Waterview contract offers lessons for government planners
24 August, 2011
Waterview contract offers lessons for central and local government planners
The timing of the Government’s contract letting for Auckland’s $1.4 billion Waterview roading project reinforces the construction industry view that counter-cyclical forward planning is critical to the achievement of best value for ratepayers, taxpayers and the industry.
A spokesman for the Construction Strategy Group (CSG), Bruce Kohn, said today that by agreeing the contract at a time when construction costs have rarely been cheaper, because of the recessionary state of the economy, the Government has achieved a financial coup.
“At least six highly specialised and competent civil contracting firms in Auckland went out of business in the past year because of a lack of work. Waterview represents a life saver in terms of employment and the health of the civil construction industry, as well as best value for money spent.
“It represents a lesson that the CSG hopes will be learnt by a range of other central and local government entities when considering infrastructure, commercial and residential building and the provision of facilities for health and education”.
Mr Kohn said anecdotal evidence within the civil construction industry suggested tenders were regularly coming in for contracts at 20 to 30 percent below engineers’ estimates because many firms were desperate for work.
“This re-emphasises our contention that through careful planning of forward programmes central and local government can achieve best value by ensuring they have major projects to let when times are tough. Delays in contract letting during difficult economic periods mean that often there is a rush of projects when the economic cycle turns up. This in turn leads to prices becoming inflated as contractors bid for scarce workers and resources to get through the welcome but potentially wasteful over heated demand.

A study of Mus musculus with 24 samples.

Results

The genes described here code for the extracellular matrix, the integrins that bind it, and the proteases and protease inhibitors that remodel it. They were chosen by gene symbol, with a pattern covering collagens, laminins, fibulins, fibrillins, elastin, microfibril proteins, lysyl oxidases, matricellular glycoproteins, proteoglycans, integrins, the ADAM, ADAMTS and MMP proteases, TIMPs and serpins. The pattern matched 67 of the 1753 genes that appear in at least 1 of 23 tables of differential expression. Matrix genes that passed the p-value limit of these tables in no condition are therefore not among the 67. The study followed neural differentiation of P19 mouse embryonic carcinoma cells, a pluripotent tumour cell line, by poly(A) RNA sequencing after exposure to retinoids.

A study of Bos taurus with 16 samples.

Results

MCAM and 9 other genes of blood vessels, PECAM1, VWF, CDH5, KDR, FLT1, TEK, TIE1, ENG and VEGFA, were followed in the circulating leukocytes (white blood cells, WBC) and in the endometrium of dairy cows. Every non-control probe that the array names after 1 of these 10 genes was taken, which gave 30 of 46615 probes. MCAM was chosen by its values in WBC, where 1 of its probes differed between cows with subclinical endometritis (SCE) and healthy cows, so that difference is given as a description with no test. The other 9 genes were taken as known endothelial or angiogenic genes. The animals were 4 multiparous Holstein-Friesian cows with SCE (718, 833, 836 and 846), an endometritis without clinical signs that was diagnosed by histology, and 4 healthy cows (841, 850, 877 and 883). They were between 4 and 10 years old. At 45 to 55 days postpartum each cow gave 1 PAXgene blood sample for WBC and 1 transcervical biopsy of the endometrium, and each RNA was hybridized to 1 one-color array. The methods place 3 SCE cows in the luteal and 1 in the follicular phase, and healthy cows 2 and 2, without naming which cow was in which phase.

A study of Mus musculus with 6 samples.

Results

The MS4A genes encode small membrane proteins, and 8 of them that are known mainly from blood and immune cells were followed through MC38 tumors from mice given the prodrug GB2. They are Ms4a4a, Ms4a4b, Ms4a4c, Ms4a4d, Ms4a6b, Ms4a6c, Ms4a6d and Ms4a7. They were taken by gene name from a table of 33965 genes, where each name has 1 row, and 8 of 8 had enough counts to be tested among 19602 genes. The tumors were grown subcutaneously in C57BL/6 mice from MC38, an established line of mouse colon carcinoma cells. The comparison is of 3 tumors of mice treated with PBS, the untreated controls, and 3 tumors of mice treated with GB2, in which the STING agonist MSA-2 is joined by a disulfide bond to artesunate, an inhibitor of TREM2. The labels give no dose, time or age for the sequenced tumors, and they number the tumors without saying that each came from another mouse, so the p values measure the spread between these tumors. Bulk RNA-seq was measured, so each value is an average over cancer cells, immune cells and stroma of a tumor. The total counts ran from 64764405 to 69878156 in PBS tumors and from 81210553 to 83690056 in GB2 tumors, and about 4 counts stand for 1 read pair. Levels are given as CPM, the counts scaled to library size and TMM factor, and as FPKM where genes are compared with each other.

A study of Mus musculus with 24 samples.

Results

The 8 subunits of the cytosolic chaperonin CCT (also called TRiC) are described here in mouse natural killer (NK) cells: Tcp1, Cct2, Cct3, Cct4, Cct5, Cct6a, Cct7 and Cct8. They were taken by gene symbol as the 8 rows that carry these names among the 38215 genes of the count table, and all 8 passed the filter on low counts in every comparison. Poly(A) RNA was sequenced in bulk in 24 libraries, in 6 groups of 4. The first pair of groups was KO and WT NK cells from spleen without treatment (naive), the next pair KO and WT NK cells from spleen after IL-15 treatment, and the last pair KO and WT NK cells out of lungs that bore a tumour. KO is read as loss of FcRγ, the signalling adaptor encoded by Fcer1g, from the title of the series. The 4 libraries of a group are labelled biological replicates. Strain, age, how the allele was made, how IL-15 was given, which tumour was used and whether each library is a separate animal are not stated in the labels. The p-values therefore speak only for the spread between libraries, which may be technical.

“At this point both major project, commercial and residential building prices are at advantageous levels for consumers. On the horizon is at least a mini-boom period through spending on Christchurch reconstruction, leaky home remediation and pent up demand for new housing in Auckland.
“The industry does not want to see the hoped-for period of plenty promptly turn into a depressing construction drought, such as that it is now going through, when the upswing comes to an end. We hope central and local government will take on the lesson of Waterview.” – that mid-term and long-term co-ordinated project planning can smooth out the process to the benefit of all stakeholders.”